Does it always have to be about sex?

Over on Reddit, gays are throwing out their hottest takes about queer life and culture, and one opinion about the role of intercourse in a relationship has sparked rhetorical fireworks (see what we did there)?

One user says “actually liking your partner and doing basic things but together is more important than just sex.” And judging by the response, a large number of gays agree! As of publication, the post has received nearly 400 “up” votes.

“Yeah…….have you ever asked a guy if they wanted to do a jigsaw puzzle? They look at you like you’re a Renaissance painting,” somebody commented.

“Cuddle and pillow talk >>>> sex,” added somebody else.

The conversation comes at an opportune moment, given the recent discourse about the viability of sexless marriages.

The New York Times recently published a feature story about the phenomenon, in which (mostly) happy couples sound off about their arrangements. It’s worth noting that every subject in the story wished to be identified by their first names, middle names or a nickname, given the social stigma around asexual partnerships.

Though everybody interviewed was heterosexual, their experiences are still relevant to LGBTQ+ folx. Some of the couples saw their sex lives fizzle after years of marriage, while other says kids changed the equation. Emily, who’s been married for 34 years, says she used to feel like intercourse was akin to a chore like “vacuuming the house.”

Her husband noticed, and admitted his sex drive has dipped as well. “If you are used to somebody responding to you in a certain way, you can tell when they are acting,” she said. “I wasn’t the same person.”

But even for couples who haven’t been together for decades, intercourse is less common than one may think. The 2021 General Social Survey found that roughly 50% of adults polled had sex once per month or less, with half of those respondents acknowledging they haven’t had sex for a year.

There’s also the question of what “sex” actually means. It’s been reported that members of Gen Z are having less sex than previous generations, but maybe their definition is just different. Kay, a queer high school student in Michigan, told Fortune the term encompasses more than vaginal or anal intercourse.

“There’s probably a lot of teenagers who are like, ‘No, I’ve never had sexual intercourse, but I’ve had other kinds of sex,'” she said.

One member of gay couple recently wrote to Queerty‘s “Ask Jake” and said he and his partner have not having any sex after 15 years of marriage, intercourse or otherwise.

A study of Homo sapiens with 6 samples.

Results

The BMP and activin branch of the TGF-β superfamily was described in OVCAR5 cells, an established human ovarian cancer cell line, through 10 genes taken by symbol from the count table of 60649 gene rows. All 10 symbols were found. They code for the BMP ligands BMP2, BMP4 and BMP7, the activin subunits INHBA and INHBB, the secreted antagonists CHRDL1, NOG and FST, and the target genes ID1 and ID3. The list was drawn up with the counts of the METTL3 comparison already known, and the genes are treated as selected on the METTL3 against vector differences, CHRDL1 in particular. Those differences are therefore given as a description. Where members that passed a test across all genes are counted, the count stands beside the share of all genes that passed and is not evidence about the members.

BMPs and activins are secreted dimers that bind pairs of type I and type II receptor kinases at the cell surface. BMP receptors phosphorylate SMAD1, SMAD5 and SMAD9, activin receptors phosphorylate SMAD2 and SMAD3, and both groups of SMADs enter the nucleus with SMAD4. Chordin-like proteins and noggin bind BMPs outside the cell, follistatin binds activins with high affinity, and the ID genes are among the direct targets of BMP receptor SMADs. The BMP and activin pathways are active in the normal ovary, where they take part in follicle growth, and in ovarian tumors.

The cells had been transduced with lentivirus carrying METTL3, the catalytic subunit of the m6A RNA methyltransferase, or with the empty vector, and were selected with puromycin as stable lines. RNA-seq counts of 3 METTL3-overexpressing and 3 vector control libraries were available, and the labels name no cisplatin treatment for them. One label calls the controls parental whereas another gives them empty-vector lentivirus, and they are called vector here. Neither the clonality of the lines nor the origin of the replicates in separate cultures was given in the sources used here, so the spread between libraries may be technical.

“I still find him handsome and often admire him throughout the day, but I don’t feel that burning hot passion I once felt and, clearly, he doesn’t either,” wrote “Friend with no Benefits.”

The writer didn’t mention he’s unhappy with their arrangement, but admitted he’s worried he’s going to “wake up in another 15 years and realize I’m married to my roommate.”

Jake, for what it’s worth, said “Friend with no Benefits” shouldn’t fret. A lack of sex doesn’t necessarily indicate a lack of intimacy. We can all agree: cuddling with your partner on the couch is oftentimes, if not always, more gratifying than any one-night stand.

“Luckily, as queer people, we have the unique perspective that it’s okay to design our lives and relationships in ways that work for us, rather than by society’s standards,” Jake responded. “Open relationships and non-monogamy are very common, as they retain what’s special about a partnership, while also being realistic about our biological drives.”

The NYT article also touches on the role of non-monogamy in contemporary marriages.

Long ago, gays came to the realization that it’s not practical to expect two people to fulfill one another’s emotional and sexual desires for decades on end. And the straights finally appear to be catching up. The aforementioned couple told Jake they’re open and regularly have intercourse with other guys… just not each other.

And that’s OK! To get back to the debate on Reddit, isn’t life mostly just a collection of daily chores and tasks? We go to the grocery store, head to the pharmacy, wash our clothes and do the dishes. Companionship through life’s trivialities is powerful in and of itself.

Many of us have had sex with people we don’t like, or can’t even remember. But would you want a stranger washing your underwear, or a frenemy cooking you dinner?

Didn’t think so!

What do you think? Is sex the most important part of a relationship? Let us know in the comments below!